My goal as a teacher is to encourage students to think critically, logically and creatively about the problems and solutions that they encounter. I promote active, independent learning using technology and games, and design formative work and open assessment that develop transferable skills that are key to success after graduation in a wide range of careers. My teaching portfolio covers the spectrum of undergraduate and postgraduate teaching in the Department of Biology, from tutorials and taught modules to research project supervision. I collaborate on scholarship projects with colleagues across the faculties at York and internationally, and aim to provide funded positions for undergraduate ‘students as partners’ in teaching and learning projects each summer. I am a Raspberry Pi Certified Educator, and won a Vice Chancellor’s Teaching Award in 2019.
Effective teaching promotes learning, and people learn best by doing. In line with the University of York Pedagogy, I promote active learning wherever possible, in lectures, workshops and practicals, to encourage students to make the most of contact time. Student-led learning is a key tool for effective learning, and many of the courses on which I lead have a strong element of student independence and directed study. These lie primarily in the areas of ecology, and quantitative and computational skills. Specific examples include: (1) learning about experimental design, ecological sampling and statistical analysis using LEGO communities and citizen science tasks before applying theories and practice in the real world on a field course; (2) motivating programming skill development using environmental sensors and Raspberry Pi computers, and evaluating prototype equipment such as photospectrometers, colony counters and plant growth monitors; and (3) developing a card game to support core Biology learning during the transition to higher education.
Small group teaching provides an opportunity for students to take the time to research and understand a problem, and reflect on the process of solving it, in close collaboration with academics. I use a wide range of topics including game-based learning, science education and communication, and mathematical modelling and programming, to facilitate student-led explorations of the connections between their biological interests and the world beyond university. We think about the process of finding, synthesising and applying knowledge, and writing about and presenting research, for a variety of audiences, and we make games and robots as well.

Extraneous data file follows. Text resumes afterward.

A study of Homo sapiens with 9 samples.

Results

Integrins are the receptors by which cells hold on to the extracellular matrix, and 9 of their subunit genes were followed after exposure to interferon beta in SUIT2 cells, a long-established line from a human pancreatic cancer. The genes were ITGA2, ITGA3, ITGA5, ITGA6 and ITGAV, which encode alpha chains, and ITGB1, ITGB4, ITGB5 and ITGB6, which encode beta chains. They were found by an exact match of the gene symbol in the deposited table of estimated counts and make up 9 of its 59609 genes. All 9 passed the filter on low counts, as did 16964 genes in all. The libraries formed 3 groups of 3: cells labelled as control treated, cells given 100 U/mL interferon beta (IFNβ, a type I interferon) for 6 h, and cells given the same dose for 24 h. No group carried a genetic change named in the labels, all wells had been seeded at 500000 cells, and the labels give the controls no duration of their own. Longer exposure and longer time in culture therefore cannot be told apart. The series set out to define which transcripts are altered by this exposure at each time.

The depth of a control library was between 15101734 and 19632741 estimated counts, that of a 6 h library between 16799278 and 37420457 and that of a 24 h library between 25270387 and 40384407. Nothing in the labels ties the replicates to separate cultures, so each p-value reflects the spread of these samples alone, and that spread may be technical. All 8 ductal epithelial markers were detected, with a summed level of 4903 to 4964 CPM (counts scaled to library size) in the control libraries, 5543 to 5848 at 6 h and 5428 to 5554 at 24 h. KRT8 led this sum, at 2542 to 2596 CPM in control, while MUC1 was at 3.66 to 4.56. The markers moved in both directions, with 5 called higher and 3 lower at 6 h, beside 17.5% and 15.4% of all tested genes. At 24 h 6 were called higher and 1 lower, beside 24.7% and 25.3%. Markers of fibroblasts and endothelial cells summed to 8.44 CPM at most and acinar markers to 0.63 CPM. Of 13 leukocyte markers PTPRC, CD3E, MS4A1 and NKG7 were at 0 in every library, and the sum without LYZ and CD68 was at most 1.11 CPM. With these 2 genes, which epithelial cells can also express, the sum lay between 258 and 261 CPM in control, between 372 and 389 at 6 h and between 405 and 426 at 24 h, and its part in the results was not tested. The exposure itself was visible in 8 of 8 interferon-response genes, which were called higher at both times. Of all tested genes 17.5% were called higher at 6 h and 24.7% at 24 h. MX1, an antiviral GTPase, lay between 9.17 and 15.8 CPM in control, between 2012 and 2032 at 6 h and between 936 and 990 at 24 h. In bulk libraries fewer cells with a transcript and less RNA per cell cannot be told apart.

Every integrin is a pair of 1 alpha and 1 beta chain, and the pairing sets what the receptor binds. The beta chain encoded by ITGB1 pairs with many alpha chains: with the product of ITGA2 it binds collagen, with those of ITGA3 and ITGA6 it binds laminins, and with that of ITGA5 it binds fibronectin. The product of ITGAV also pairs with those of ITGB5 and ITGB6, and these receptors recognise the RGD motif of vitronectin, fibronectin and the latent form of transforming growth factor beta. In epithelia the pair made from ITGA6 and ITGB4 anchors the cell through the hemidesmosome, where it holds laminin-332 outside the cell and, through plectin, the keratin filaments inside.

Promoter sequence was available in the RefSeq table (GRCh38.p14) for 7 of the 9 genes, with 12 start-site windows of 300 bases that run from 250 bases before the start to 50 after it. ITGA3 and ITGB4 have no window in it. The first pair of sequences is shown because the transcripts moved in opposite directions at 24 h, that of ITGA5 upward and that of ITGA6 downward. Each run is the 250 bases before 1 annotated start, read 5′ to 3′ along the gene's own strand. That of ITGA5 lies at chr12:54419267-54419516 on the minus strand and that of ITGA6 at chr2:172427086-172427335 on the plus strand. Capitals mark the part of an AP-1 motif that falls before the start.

My research interests range from ecological modelling and statistical analysis to science communication and education. My projects reflect this: students may work on mathematical or computational models, e.g. to simulate population growth and interactions, or invasive species spread and impacts; analyse existing datasets such as species’ presence/absence across the UK, climate-driven seedfall data or tree damage due to herbivore browse in New Zealand; game-based learning projects such as Catastrophic (catastrophic.york.ac.uk); or combine all three approaches, by building and programming a device to record and analyse data (e.g. terminal velocity of seeds), and developing and testing educational material to contextualise it for younger students.